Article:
NCPA - National Center for Policy Analysis

Entrepreneurs under Attack

December 27, 2010

Every day, federal, state and local governments stifle small businesses to privilege well-connected incumbent companies.  It's a system of protectionism for influential insiders who don't want competition, says John Stossel.

Here are some examples.

Case No. 1.

  • The monks at St. Joseph Abbey had to take the state of Louisiana to federal court to defend their right to sell handmade caskets.
  • Funeral directors had managed to get Louisiana to pass a law decreeing that only "licensed funeral directors" may sell "funeral merchandise" like caskets.
  • To sell caskets legally, the monks would have to obtain a funeral director's license, which requires a year-long apprenticeship, passing a funeral industry test and converting their monastery into a "funeral establishment" by installing embalming equipment, among other things.

Case No. 2.

  • Hector Ricketts offers New York City residents an alternative to New York's public transportation.
  • He employs drivers who offer commuters rides in minivans and typically charge $2 a head -- the subways and buses charge $2.25.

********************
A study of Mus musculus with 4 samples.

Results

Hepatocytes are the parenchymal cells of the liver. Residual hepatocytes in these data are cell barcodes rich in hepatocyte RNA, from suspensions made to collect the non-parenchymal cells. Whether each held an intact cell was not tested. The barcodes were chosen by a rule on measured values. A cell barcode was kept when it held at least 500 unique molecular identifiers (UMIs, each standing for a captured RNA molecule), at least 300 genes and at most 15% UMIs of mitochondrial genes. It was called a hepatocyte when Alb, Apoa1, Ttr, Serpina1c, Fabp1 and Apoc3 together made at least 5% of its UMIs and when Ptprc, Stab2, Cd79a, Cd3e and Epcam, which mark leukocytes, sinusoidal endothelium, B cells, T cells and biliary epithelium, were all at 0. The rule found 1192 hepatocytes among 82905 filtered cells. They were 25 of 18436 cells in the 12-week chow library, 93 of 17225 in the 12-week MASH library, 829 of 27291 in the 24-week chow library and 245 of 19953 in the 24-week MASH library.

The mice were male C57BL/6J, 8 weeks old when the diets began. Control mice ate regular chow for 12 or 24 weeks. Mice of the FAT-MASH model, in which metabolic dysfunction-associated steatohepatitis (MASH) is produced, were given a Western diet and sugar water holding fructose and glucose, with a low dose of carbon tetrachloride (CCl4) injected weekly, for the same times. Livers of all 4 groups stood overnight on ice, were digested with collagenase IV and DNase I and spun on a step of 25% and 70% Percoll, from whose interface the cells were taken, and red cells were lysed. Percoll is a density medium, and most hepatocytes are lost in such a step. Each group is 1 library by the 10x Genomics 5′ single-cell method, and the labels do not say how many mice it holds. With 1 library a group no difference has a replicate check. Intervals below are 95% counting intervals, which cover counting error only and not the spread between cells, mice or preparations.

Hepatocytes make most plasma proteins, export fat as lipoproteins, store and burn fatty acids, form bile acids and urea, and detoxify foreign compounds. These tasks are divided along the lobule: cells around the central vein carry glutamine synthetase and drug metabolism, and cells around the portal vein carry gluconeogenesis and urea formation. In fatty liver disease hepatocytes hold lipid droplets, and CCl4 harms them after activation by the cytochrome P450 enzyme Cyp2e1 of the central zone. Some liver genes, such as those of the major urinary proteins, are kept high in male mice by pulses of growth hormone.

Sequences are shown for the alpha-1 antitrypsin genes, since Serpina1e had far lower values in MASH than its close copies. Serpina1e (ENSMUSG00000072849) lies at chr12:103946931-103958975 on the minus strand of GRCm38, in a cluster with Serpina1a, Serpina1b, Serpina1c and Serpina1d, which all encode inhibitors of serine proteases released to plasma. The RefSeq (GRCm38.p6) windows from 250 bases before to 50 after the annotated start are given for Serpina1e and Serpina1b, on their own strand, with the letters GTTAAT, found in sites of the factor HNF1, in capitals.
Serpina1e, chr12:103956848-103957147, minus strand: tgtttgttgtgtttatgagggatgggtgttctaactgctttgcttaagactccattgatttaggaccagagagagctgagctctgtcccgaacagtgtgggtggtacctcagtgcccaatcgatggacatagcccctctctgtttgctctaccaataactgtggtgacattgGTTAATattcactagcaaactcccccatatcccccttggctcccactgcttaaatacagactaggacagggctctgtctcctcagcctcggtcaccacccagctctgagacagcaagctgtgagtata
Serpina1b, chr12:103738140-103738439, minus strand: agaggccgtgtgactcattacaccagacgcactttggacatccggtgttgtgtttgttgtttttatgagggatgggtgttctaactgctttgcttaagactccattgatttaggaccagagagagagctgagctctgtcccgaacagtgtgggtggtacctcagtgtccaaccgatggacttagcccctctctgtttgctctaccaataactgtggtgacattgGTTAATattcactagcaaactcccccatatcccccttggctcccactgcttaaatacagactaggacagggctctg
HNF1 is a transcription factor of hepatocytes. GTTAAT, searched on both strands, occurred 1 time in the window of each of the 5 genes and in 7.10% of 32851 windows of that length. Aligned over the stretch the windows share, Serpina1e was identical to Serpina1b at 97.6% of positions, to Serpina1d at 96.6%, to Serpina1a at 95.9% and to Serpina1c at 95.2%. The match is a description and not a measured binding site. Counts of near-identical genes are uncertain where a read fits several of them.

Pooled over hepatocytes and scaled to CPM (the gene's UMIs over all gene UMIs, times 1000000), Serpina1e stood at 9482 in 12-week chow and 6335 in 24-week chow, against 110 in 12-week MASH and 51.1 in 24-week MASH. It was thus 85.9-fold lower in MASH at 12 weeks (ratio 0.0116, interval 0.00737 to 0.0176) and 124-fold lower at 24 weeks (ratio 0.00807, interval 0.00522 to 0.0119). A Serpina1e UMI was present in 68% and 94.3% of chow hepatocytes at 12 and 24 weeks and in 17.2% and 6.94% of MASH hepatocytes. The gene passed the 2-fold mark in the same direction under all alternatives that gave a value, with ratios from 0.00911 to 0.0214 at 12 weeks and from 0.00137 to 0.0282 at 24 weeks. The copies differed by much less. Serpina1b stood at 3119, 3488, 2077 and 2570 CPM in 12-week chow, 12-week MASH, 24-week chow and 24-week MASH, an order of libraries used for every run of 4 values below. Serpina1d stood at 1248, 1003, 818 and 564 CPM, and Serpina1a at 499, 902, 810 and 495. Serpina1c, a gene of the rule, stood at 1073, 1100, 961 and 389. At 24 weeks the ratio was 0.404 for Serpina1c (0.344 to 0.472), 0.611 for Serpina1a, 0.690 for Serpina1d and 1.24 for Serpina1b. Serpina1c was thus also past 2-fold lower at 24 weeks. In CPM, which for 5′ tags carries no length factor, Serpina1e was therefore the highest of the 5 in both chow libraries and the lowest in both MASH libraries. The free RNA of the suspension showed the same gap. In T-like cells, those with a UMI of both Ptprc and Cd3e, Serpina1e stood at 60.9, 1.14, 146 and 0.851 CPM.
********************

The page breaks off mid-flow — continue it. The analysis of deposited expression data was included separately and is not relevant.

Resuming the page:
• The city's public transit union used its political connections to regulate the vans to death: The politicians have decreed that vans may not drive routes used by city buses or provide service to a passenger unless it is prearranged by phone; and the vans must keep a passenger manifest on board and enter the name of everyone to be picked up.

Case No. 3.

  • Melony Armstrong of Tupelo, Miss., wanted to expand her African hairbraiding business, but was told that she needed a full cosmetology license.
  • That required 1,200 hours of classes and a cosmetology instructor's license -- 2,000 more hours.
  • The courses and license had little to do with her profession and were simply barriers to entry favored by her competition.

Source: John Stossel, "Entrepreneurs under Attack," Freeman Online, December 2010.